Cornerback Ahkello Witherspoon’s sophomore season did not go as planned, but he is re-energized and refocused heading into his third year with the 49ers.
Witherspoon had a breakout finish to his rookie season in 2017 but playing opposite of Richard Sherman and being the focus of opposing quarterbacks posed a challenge in 2018. His play improved as the season progressed and he plans to take that momentum forward into 2019.
Prior to the six-week summer break, Witherspoon spoke to NBC Sports Bay Area about his goals as well as looking forward to an improved pass-rush.
“I’m very excited for the opportunity that’s at hand,” Witherspoon said. “You’re either going to rise to the occasion or fall. I’m very excited for that opportunity.”
Witherspoon explained what he wants to prove to himself as well as to his teammates and the fans. He’s been working on his technique, something he admits he lost focus on, relying primarily on his physical ability.
“Just that I can play the game at a high level consistently,” Witherspoon said. “It’s not about anybody else, it’s about getting the job done at a high level and doing it very often and that’s what I plan to do.”
Witherspoon will have the added assistance of an improved pass-rush with the additions of free agent Dee Ford and the No. 2 overall draft pick of the NFL Draft, Nick Bosa, on the line. He explained what a difference it will make for the secondary.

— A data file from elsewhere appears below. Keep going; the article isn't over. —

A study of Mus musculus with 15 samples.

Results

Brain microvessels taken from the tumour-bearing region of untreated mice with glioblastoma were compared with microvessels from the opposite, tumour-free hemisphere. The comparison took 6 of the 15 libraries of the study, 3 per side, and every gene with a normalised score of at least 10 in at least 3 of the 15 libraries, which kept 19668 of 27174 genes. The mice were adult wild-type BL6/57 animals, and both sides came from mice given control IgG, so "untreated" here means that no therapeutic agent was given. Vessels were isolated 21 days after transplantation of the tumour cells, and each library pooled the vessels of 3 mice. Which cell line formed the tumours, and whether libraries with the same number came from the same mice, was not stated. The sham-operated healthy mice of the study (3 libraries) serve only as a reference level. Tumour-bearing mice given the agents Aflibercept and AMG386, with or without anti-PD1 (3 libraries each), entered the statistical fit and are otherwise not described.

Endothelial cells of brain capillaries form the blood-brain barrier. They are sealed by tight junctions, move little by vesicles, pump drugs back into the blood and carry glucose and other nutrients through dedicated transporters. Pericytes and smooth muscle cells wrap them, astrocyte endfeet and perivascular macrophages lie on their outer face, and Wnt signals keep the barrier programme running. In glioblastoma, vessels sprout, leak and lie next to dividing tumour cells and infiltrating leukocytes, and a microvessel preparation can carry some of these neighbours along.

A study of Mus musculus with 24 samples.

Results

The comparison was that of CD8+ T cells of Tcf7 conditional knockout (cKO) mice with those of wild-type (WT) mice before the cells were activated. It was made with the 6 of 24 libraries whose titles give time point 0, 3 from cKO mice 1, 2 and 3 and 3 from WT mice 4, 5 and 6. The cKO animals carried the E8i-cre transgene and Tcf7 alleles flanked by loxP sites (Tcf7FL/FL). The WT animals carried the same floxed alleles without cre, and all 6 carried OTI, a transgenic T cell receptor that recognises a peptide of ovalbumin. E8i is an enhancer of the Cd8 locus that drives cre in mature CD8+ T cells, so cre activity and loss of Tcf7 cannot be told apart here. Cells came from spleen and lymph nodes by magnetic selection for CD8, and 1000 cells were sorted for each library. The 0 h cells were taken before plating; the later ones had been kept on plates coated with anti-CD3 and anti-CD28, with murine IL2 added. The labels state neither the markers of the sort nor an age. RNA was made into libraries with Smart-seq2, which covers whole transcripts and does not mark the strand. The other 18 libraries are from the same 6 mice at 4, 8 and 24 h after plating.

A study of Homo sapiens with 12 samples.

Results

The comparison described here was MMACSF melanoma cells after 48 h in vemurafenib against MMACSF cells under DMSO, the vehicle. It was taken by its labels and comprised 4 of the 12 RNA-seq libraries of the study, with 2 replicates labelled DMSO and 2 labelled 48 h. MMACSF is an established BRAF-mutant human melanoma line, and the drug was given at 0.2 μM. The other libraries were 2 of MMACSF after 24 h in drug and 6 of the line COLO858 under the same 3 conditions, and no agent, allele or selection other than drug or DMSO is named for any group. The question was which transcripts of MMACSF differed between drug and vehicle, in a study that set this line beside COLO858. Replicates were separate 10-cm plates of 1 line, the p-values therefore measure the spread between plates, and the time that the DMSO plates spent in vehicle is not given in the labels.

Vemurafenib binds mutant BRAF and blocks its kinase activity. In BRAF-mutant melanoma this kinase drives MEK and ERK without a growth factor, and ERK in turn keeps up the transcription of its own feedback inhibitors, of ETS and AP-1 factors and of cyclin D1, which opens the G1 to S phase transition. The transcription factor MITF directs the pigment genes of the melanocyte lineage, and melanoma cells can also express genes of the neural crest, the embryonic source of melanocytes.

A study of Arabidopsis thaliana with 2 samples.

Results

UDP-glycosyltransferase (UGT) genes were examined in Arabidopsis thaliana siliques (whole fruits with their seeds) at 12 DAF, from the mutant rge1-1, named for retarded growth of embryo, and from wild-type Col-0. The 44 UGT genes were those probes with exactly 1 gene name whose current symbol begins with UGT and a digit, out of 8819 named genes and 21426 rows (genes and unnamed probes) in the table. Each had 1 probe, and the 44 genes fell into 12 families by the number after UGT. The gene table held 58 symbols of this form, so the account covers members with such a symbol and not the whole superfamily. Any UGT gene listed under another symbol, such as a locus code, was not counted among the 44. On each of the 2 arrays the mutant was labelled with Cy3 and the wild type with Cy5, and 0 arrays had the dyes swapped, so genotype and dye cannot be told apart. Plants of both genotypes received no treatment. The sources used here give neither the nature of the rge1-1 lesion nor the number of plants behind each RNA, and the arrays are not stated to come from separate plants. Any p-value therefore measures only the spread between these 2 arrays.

“It’s huge,” Witherspoon said. “It’s getting to the quarterback faster. It helps me do my job quicker, on a shorter clock. I don’t have to cover as long. And then some of the mistakes that we do make, get covered by them so that will be big.”
Witherspoon has played without the benefit of an elite pass rush throughout his football career, including his time in college at Colorado.
“We don’t really know what it’s going to feel like,” Witherspoon said. “I’ve never had that in my football career. One of our challenges, as I’ve played, has kind of been the d-line. It hasn’t been incredible, so that’s what we’re looking forward to, that special group that we have this year.”
During OTAs and mandatory mini-camp, players don't wear pads and there is no tackling allowed. Witherspoon still sees the difference that those key pieces have caused when watching practices in the film room.
“You don’t feel it in practice because they’re allowed to take their time, because we’re not taking quarterback’s necks off, but you see it on tape,” Witherspoon said. “When there’s a ball that’s caught, and coach says he wouldn’t have gotten that off, it kind of lets you know that the game is going to be played at a higher tempo.”
All of this has Witherspoon excited for the season ahead. He’s has seen the pressure that the front seven has been starting to impose and is ready to get the pads on.
“That’s what you go out there to do, make plays, be on the ball, force them to make quick throws and be there. I’m very excited to see that come into action.”